In November, I faced all kinds of pushback by raising a provocative argument: is it possible Republicans would pursue policies that would hurt the economy on purpose?

Seven months later, it appears the “sabotage” question is going mainstream.

E.J. Dionne Jr. inched pretty close to it last week, noting that Republicans “have no interest” in working on job creation because “Republicans benefit if the economy stays sluggish.” Kevin Drum wondered whether this will ever be “a serious talking point,” adding, “No serious person in a position of real influence really wants to accuse an entire party of cynically trying to tank the economy, after all.”

That appears to be changing.

Republicans are sabotaging economic recovery efforts because it will help them win in 2012, Senate Democratic leaders charged Wednesday.

“Unfortunately our Republican colleagues in the House and Senate are driven by putting one man out of work — President Obama,” Senate Majority Whip Dick Durbin (D-Ill.) declared at a Capitol Hill press conference called the day after Senate Republicans blocked an economic development bill that they have backed in the past.

Durbin pointed to remarks made by Senate Minority Leader Mitch McConnell (R-Ky.), in which he said the top goal of Republicans should be to make Obama a one-term President.

Durbin added that “their only goal” is to defeat the president, adding, “They believe a weak economy is there best chance of winning the next election.”

This isn’t subtle. Durbin is saying that Republicans are deliberately holding back the economy for purely partisan reasons. It’s an explosive charge, and as of today, he’s not the only one making it.

The rhetorical shift appears to the result of last night’s vote on the Economic Development Administration, a successful program that provides federal grants to local projects. Republicans have repeatedly said that they believe the EDA is great for economic growth and job creation, but they nevertheless linked arms and killed the bill. This comes after Republicans balked at a payroll tax cut intended to spur hiring, another measure the GOP has traditionally supported — until now.

Sen. Chuck Schumer (D-N.Y.), the number three Democrat in the chamber, told reporters this morning, “If they oppose even something so suited to their tastes ideologically, it shows that they’re just opposing anything that helps create jobs. It almost makes you wonder if they aren’t trying to slow down the economic recovery for political gain.”

Yes, almost.

At a minimum, it hardly seems unreasonable to call for some national discussion on this. Republicans said a payroll tax cut would help create jobs, and now they’re opposed to their own idea. Republicans said the Economic Development Administration is great for the economy, and now they’re opposed to that, too. Many Republicans endorsed the TANF Emergency Fund last year as an incredibly effective method of lowering unemployment, and then the congressional GOP killed that, too.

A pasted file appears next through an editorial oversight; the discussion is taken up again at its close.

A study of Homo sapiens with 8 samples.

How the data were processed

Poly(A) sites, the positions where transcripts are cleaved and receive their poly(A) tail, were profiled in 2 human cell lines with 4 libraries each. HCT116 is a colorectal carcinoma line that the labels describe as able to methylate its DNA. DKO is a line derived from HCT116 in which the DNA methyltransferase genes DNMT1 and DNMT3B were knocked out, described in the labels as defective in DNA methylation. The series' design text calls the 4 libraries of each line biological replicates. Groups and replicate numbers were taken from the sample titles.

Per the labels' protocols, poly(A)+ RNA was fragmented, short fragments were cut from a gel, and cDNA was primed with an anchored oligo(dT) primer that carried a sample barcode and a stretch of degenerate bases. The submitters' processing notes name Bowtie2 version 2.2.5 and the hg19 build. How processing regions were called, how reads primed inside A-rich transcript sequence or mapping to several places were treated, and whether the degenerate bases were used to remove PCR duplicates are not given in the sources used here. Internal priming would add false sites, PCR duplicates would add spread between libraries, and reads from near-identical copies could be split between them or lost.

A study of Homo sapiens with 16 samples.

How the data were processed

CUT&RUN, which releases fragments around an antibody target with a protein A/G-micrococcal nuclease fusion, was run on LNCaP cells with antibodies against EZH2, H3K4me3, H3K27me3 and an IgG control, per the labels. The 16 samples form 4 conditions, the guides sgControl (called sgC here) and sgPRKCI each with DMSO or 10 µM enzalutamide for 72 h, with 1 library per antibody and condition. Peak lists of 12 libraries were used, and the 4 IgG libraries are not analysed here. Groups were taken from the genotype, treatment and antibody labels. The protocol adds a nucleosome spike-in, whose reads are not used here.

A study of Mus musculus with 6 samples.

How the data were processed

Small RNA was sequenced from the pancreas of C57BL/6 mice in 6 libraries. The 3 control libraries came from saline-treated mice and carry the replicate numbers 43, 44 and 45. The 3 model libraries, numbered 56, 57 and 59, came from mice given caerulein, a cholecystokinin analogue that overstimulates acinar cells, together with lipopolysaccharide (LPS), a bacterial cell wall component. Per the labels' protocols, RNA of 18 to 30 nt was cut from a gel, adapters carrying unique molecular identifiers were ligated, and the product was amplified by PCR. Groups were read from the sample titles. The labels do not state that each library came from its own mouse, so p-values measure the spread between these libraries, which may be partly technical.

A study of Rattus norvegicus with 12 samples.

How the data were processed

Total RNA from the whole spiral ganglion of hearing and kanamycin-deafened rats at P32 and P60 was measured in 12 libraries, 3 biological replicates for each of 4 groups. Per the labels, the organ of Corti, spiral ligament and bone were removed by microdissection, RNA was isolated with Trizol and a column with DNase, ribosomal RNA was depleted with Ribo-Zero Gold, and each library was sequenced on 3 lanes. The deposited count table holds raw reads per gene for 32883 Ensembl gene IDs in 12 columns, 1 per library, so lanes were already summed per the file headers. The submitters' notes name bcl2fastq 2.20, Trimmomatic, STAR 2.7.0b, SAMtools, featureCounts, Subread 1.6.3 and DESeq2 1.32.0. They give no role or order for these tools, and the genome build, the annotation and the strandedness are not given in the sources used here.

Republicans are blocking qualified Federal Reserve nominees who could help improve the economy. Republicans are also blocking qualified Treasury Department nominees who could also be working on economic policy. The GOP is demanding that Congress and the White House agree to immediately take money out of the economy and eliminate public-sector jobs, even when conservative economists say that’s crazy. What’s more, these same Republican officials have made it abundantly clear that failure to give them the cuts they want would force them to crash the economy on purpose.

And it’s against this backdrop that one of the most powerful Republican officials on Capitol Hill has argued, more than once, that his “top priority” isn’t job creation, but rather, “denying President Obama a second term in office.”

Is it really that outrageous to at least ask the question? It’s an uncomfortable subject, to be sure, but maybe it’s possible the political world should have the awkward conversation? When Republicans oppose ideas they used to support, at a critical time for the economy, are we not even allowed to consider their motives?

Update: I should also note that Senate Dems aren’t the only one broaching the subject. Some respected and knowledge pundits — Dionne, Eugene Robinson, Daniel Gross — have all said recently it’s at least possible that some Republicans are pursuing a destructive economic policy on purpose.